Nine kids, homeschooled from kindergarten all the way through high school. Seven completed bachelor’s degrees. Two have master’s degrees. One joined a convent.
How did my mom do it all, you ask? I’ve been wondering that too, so I interviewed her. I figured there must have been something to power her through all those years alongside the mighty red lipstick and gallons of black tea.
While she had graduated college with a degree in psychology, Linda Wolf says that didn’t influence her decision to homeschool or help much along the way. But when she taught in a Montessori preschool after college, she says she “learned that children could learn on their own somewhat, and learn a lot at a young age.”
Her goals for her children, she says, were that they “learn the faith – and hopefully practice it, still enjoy learning when it was done, and get along with each other.” As for college: “I wanted them to be prepared for college, if they wanted to go.”
Linda was determined that our Catholic faith wasn’t going to be, to us kids, just some quaint old practice that our parents insisted we do on Sunday. “Both [she and her husband] knew people who went to Catholic schools and who weren’t living the faith,” she sighs.
Linda’s solution was to integrate the faith into every corner of our home, prescribe four years of Kolbe Academy’s theology courses in high school, and drive us twenty miles to the parish with the best K-12 religious ed program – “that way you knew [Catholicism] wasn’t just something to do at home. You could be part of a community actually living it,” she told me.
Linda is a petite German woman with a will of soft iron. Her approach was very structured – we always began the day with prayer and the pledge of allegiance. We had certain amounts of work to complete by the end of the week.
I say “soft iron” because, as she admits, “unschooling was really my heart’s desire.” But with that approach, “it never ends…you’re teaching twenty-four-seven. I wanted to be done at three.” She argues that part of being a successful homeschooling parent is realizing your own limitations and capabilities.
As a parent and teacher, you must know yourself, Linda stresses. She rejected lesson plans that provided a script for the parent to follow – “I just couldn’t do that” – and others that blocked out certain hours of the day for certain subjects. “Eventually I found a philosophy that appealed to me. It must match your temperament,” she advises.
Her approach was eclectic. For elementary and middle school, she pulled together different curricula for different subjects – whatever she considered the best. She taught herself to teach: “I read everything I could get my hands on – back then, it was magazines and books from the library.” If you don’t know where to start, just cover the basics, Linda suggests – when your kids are adults, they can do their own thing. “I didn’t try to force my children to be Nobel physics winners.”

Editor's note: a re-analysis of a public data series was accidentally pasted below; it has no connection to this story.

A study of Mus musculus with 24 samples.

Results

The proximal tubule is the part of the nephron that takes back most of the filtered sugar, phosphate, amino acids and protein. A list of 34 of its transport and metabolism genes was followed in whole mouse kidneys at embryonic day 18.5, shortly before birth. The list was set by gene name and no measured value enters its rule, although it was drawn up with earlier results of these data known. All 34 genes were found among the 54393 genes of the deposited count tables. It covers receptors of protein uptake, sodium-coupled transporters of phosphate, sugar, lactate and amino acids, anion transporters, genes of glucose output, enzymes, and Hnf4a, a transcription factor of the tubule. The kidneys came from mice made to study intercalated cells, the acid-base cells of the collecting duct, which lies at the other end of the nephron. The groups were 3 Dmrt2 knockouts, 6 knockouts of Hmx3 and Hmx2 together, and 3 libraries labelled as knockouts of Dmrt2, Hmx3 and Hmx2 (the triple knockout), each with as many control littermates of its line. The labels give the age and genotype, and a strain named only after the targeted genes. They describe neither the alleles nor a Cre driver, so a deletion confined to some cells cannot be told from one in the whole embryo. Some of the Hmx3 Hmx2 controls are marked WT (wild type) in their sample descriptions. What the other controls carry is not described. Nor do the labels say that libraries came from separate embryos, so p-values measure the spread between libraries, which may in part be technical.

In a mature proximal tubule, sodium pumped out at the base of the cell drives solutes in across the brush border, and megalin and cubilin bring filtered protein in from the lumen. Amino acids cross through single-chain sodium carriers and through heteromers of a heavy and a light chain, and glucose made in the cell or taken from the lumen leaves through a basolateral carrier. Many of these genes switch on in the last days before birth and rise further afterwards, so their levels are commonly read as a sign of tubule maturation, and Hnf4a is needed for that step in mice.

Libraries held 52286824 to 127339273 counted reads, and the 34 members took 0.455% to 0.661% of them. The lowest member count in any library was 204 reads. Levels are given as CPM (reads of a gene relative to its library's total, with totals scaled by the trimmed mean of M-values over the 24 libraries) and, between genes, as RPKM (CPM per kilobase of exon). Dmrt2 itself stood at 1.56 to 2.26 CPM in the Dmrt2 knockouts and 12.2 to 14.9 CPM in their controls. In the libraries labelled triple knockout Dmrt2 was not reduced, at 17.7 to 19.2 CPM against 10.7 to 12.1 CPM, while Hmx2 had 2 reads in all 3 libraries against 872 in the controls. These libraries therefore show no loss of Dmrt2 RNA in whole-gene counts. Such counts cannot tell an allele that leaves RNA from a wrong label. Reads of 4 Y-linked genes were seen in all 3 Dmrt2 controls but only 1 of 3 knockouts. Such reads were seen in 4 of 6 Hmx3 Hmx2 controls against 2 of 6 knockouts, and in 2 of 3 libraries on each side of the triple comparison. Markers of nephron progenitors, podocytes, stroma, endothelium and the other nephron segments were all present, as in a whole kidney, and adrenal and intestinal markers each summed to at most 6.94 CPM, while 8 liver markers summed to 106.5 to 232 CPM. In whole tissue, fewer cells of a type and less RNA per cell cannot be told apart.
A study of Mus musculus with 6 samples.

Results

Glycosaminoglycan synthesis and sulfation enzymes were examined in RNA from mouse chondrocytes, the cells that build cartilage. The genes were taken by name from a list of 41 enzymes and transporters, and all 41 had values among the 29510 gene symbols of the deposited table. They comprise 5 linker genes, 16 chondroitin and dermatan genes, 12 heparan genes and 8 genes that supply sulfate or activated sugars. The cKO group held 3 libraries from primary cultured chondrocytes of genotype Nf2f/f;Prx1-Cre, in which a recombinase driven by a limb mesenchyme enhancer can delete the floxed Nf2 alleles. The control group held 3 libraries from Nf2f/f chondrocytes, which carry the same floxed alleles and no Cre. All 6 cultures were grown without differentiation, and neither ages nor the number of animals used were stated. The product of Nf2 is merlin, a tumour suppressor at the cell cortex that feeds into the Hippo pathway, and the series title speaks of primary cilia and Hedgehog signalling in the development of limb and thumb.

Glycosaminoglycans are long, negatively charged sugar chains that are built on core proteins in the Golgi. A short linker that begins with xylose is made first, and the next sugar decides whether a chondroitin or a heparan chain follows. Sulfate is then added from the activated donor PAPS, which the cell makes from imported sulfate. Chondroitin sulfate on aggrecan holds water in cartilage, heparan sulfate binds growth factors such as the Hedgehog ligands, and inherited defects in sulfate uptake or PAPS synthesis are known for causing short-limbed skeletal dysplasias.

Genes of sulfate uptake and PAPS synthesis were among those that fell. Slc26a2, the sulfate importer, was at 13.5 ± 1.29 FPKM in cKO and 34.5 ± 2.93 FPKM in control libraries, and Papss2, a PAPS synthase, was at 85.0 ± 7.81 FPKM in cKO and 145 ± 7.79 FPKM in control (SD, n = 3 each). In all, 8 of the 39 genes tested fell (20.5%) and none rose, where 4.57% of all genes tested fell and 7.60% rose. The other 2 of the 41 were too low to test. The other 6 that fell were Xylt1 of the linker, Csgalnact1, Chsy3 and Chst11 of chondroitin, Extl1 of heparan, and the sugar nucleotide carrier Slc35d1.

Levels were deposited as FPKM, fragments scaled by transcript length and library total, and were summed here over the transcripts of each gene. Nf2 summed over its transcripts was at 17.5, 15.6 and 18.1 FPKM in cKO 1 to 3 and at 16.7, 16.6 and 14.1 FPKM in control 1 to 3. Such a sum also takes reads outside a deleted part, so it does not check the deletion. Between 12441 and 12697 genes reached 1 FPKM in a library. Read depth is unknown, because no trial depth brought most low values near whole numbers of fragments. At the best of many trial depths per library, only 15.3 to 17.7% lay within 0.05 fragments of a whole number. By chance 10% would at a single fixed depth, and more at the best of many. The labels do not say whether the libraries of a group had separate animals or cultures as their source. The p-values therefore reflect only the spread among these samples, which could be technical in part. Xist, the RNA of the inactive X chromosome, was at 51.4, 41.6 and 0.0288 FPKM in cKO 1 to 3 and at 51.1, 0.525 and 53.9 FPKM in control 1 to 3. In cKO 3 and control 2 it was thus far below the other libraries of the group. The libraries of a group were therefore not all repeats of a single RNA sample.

Success also requires being open to trying what’s uncomfortable. When Linda started homeschooling thirty years ago, there wasn’t a lot of curricula available, so, she says, “I started out with some Protestant stuff. There was some really good stuff.” To this day, she goes into raptures over curricula like Writing Road to Reading, Voyages in English, and Saxon math.
You don’t have to be that parent constantly driving her children from this practice to that lesson. “I didn’t want to be in three different places every day. I told myself early on that I couldn’t be a soccer mom. Eventually, I became a karate mom…that wasn’t quite as bad,” she says.
Ultimately, Linda doesn’t give me the perfect answer to my question about what powered her through. Perhaps it’s their belief that she and my dad’s primary duty to their children is to educate them. Perhaps it’s because Linda is just a compulsive educator. Whenever I visit home from college, she hands me several newspaper clippings and tells me to report back and discuss them with her after I’ve read them. And at one point in our phone interview, she interrupted herself mid-sentence to have a muffled conversation with my sister: “…book on that table…interesting historical perspective…you might give it a try.”
Do Linda’s children still enjoy learning? “Well, I’m a book lover – I see great value in [reading]. One or two of my children still read books,” she says. This is an underestimation – almost all of us still read for fun.
“As for getting along with each other…well…” She trails off uncertainly, but I can finish her answer. People often ask if we’re all close. How could we not be? I think. We sang together in the mornings, suffered through the same Latin lessons, and argued over the one swivel chair at the lesson table.
Some people might consider Linda successful because seven of her children have completed college degrees, and others might think so because all of her children still go to Mass and one of them is a religious sister.
“College is not for everyone…I still don’t believe that it’s necessary to have a good life,” Linda says. She won’t take credit for my sister’s vows, saying, “That was her decision, her good decision.”
I ask again: does she consider herself successful?
She gasps a little in exasperation. “Do I consider myself successful? It’s not over ’til the fat lady sings.”